In response to public complaints, a request from Councillor Cody Oschefski and presumably by Midland Police (who were out in force yesterday witnessing the traffic hazards and tweeting about it), the Town of Midland has taken the additional step of adding temporary stop signs in the middle of the King Street to educate drivers who seem unaware of the new stop sign trial.
Online comments to our posts calling for better safety and alerting mechanisms met with a mixed support. Many people recounted their experiences of cars failing to stop, rolling stops and the general lack of clear visibility of the new signs. Others were concerned that there was not enough public notice and that the reliance on social media does not reach enough residents and visitors. A single newspaper story was not enough notice, nor were the many online stories that we published both on the web and social media.
The standard process is to place the signs warning of a “new” stop sign well ahead of the new stop signs for a prescribed period, but they seem to have been lost in the background “visual noise” as many drivers seem to be on “auto pilot” and fail to take notice of changes in the main street. That speaks to a whole different issue with driver attentiveness and general complacency.
The key is that failing to stop for a stop sign is solely the driver’s responsibility; but that will be little solace to the grieving family that has to deal with a tragedy easily avoided by taking more than the basic and required steps to notify drivers (local and visiting) of major changes to our small town’s main street signage and traffic flow.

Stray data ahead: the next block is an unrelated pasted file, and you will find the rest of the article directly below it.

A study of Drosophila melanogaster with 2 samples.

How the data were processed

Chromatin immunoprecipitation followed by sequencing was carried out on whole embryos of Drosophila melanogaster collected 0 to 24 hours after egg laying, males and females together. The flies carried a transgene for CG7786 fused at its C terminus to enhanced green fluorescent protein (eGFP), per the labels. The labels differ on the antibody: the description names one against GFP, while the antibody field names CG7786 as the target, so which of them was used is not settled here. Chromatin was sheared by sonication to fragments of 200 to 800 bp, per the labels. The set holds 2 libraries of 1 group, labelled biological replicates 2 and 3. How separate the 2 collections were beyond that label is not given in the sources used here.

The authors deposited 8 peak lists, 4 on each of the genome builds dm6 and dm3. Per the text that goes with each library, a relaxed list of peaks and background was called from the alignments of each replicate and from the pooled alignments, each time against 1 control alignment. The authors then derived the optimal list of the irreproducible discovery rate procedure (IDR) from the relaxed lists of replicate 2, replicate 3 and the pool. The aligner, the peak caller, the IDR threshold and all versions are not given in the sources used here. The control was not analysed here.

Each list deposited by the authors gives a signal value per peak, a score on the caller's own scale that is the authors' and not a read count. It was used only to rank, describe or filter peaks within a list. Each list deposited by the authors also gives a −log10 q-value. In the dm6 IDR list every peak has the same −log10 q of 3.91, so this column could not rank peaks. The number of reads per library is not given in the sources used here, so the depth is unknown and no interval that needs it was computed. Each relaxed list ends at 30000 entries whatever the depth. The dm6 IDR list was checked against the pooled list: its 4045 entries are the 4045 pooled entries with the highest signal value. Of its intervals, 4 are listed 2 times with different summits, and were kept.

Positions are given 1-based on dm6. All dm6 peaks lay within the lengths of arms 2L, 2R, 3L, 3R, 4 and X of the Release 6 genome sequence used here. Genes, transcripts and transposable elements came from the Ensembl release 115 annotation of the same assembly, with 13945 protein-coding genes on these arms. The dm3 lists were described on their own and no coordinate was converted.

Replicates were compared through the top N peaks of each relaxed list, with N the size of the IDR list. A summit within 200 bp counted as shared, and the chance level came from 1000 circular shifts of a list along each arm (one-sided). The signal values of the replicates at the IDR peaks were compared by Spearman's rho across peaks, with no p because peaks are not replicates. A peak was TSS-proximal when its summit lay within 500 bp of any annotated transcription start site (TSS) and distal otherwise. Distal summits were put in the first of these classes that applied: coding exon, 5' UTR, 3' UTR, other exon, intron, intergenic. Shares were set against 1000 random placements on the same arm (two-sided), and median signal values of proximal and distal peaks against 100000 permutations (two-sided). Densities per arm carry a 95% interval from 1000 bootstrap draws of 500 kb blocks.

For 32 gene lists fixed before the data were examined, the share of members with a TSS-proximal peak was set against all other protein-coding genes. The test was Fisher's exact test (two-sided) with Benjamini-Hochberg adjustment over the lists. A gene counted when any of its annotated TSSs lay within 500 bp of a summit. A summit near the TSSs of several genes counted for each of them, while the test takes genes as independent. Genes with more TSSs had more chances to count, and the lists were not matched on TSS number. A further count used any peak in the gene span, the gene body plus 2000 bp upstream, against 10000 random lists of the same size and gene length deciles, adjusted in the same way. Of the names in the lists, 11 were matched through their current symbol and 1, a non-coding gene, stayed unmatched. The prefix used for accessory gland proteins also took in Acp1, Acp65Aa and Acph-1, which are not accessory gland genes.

So, we are not publishing an “I told you so” story, nor are we going to try to take credit for this reaction by the Town to concerns that we and others have raised for weeks, but we are happy to see the new signs and look forward to a more permanent solution in the days to come during this three month trial.
The question still remains as to who and how is monitoring being effected for this trial? Who will measure the outcome and how is the town collecting metrics?
Once again, why put 24/7 365 stop signs when a push to cross device like in the video above would have done the trick. Nobody would miss this unit activated and it would install on the existing poles.